The latest terrorist attack in the southern city of Sweida has more to do with regime calculations than an ISIS resurgence.
Lina Khatib
Dr Lina Khatib
Head, Middle East and North Africa Programme, Chatham House
Syrian pro-regime forces enter Yarmouk. Photo: Getty Images.

Syrian pro-regime forces enter Yarmouk. Photo: Getty Images.


   The ISIS attack on Sweida in southern Syria last week, where coordinated suicide bombings and raids left more than 200 people dead, took many by surprise. Many had felt that ISIS was all but defeated in Iraq and Syria, and now concern is growing that it remains capable of conducting terrorist attacks.

But the situation in Sweida says more about the Syrian regime than about ISIS, and about how far the regime is willing to go to pursue its goals at the expense of civilian lives.

The ongoing military campaign has been presented by Russia and the Syrian regime as targeting ISIS and other terrorists. But in reality, it is a push to take back opposition-held areas, and the regime took the calculated step of ignoring pockets of ISIS influence as part of a plan to punish the population for defying the regime.

The province of Sweida is home to the Druze minority community in Syria. This minority was initially divided in its approach to the Syrian uprising. Some religious leaders sided with the regime on the basis that this would maintain protection for their community, while others, namely the ‘Sheikhs of Dignity’, took a more cautious stance, calling for the community to dissociate itself from the Syrian conflict.

The prevailing mood in Sweida echoed the calls of the Sheikhs of Dignity, especially after the regime’s assassination of one of their key figures, Sheikh Wahid al-Bal’ous, in 2015. The assassination spurred the rest of the Sheikhs of Dignity to call on the community to take up arms for self-protection, but not to participate in the war.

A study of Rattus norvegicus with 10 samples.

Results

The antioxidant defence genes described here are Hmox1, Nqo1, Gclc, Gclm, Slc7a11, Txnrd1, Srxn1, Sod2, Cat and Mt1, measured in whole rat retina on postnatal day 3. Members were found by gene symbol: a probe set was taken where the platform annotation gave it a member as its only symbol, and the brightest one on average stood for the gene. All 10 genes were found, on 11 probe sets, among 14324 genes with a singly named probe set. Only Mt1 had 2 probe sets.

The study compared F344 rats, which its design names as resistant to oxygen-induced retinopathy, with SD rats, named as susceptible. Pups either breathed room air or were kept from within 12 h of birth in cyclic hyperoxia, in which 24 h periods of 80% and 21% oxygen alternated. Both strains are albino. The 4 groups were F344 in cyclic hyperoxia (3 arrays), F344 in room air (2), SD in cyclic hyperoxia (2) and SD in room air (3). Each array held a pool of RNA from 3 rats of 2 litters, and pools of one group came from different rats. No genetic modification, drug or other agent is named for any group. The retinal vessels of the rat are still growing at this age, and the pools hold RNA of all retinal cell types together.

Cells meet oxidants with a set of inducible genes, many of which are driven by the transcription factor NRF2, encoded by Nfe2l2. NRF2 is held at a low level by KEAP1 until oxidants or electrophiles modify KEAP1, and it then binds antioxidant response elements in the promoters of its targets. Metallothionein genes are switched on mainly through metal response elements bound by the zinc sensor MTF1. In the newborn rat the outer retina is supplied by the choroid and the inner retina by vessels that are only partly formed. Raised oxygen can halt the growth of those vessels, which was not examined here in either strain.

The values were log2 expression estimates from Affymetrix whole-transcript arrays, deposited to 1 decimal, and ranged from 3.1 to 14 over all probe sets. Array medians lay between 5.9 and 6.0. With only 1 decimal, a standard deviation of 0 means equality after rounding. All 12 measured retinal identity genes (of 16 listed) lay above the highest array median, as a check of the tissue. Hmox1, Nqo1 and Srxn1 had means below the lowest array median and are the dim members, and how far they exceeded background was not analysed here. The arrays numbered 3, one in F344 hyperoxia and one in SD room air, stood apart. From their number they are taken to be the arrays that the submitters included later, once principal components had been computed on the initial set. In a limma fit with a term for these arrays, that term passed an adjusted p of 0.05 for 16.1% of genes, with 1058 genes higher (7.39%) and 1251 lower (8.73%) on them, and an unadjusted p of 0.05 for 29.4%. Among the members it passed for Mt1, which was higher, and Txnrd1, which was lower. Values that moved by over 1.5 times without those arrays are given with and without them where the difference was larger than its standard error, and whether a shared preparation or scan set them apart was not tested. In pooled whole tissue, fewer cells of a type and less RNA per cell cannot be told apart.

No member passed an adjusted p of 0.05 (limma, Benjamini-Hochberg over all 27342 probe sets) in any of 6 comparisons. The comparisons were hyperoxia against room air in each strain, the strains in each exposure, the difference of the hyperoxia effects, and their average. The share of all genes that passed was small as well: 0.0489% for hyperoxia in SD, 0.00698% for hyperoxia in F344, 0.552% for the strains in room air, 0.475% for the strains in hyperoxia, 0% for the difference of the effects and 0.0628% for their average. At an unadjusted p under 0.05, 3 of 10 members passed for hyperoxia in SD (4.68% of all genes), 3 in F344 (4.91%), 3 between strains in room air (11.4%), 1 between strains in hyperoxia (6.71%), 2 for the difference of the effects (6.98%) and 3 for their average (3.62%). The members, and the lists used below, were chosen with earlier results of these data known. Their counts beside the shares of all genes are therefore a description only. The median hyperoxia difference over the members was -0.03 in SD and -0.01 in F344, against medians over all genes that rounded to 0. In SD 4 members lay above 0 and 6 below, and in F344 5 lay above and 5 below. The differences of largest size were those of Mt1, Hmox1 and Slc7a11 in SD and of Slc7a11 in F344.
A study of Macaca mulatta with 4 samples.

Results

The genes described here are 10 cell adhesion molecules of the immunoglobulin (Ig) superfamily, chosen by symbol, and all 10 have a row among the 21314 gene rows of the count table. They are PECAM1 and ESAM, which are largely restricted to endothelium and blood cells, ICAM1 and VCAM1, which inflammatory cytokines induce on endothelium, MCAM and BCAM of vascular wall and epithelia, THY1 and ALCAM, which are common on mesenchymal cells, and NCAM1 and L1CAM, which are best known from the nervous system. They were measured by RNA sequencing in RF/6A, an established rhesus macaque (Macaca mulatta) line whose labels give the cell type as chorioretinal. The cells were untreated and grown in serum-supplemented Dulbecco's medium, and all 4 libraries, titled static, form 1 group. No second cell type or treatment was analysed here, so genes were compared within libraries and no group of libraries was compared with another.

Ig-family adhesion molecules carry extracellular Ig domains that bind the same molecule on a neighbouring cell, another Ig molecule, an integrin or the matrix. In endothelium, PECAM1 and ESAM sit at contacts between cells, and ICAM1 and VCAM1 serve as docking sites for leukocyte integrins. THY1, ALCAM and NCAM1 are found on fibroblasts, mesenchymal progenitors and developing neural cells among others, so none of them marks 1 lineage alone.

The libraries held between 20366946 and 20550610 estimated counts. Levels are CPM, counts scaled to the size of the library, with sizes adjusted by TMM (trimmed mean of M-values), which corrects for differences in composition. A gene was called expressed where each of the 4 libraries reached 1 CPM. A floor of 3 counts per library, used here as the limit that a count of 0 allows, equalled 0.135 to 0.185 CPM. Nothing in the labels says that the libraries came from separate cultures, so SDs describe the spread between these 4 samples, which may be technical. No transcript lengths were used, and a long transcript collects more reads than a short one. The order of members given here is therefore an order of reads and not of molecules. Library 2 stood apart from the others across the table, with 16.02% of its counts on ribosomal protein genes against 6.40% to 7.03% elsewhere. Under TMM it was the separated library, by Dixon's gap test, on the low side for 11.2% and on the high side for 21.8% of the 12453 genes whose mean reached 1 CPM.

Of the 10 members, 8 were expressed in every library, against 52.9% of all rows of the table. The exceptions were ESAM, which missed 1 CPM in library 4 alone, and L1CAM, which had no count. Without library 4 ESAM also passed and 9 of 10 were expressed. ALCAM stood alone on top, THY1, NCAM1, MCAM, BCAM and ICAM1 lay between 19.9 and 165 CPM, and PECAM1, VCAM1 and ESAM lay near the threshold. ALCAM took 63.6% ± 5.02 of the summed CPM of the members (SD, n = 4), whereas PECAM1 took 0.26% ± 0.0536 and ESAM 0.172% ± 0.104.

The Druze community largely took an independent stance in the Syrian conflict, managing its own security and economic affairs and the provision of services like the delivery of oil and food. It did not partner with any opposition group. Most men from the community refused to abide by conscription in the Syrian army in order to stay in Sweida to defend their area.

As the regime focused on advancing into other, higher-priority opposition areas, the province remained relatively calm compared to other areas of the country. The de facto de-escalation zone that has been put in place in southern Syria added to the sense of cautious stability. But the regime did not ignore Sweida completely.

As pro-regime militias began to form and fight alongside the regime in the south, they installed checkpoints at the entrance of Sweida, extorting the residents of Sweida and terrorizing those who tried to enter or leave. The regime set up its own checkpoints further away on the outskirts of the area, giving the militias free rein as punishment for the resistance of Sweida’s residents.

Further angering the regime, the residents of Sweida refused to take part in its campaign in Eastern Ghouta and Yarmouk, including the widespread looting that the Syrian army and pro-regime militias engaged in following the takeover of the two areas.

As part of its campaign in the Yarmouk basin, the regime, with Russia’s help, evacuated members of ISIS to the eastern desert on the border of Iraq and Syria. It is from this desert that ISIS fighters advanced to Sweida to conduct the massacre. Although ISIS attacked some regime checkpoints in the process, pro-regime forces largely left ISIS alone as it proceeded in its attack.

This is not the first time that the regime has indirectly used ISIS as a method of punishing its opponents. In 2015, the regime turned a blind eye when ISIS advanced from the east to the south and began attacking the Southern Front, part of the Free Syrian Army.

But this is also not the first time that the regime has indirectly used ISIS to punish Sweida. In 2014, when ISIS was advancing towards the city, the regime’s intelligence passed it information which helped the group to occupy the Sweida desert. The regime also tried to take over the Sheikhs of Dignity’s heavy weapons during the time of the ISIS advance. Sheikh al-Bal’ous stood up to the regime at the time, paving the way for his assassination in 2015.

ISIS is far from being obliterated and is transforming into an insurgency that uses opportunistic attacks like the one in Sweida to show that it can still inflict damage. But the latest attack is more an indication of the regime’s calculations than a serious ISIS resurgence. In its estimation, ISIS attacks, even if some come against regime checkpoints, are useful to advance its pretext that its advances are to fight terrorism – and the deaths of regime personnel and civilians are a price worth paying.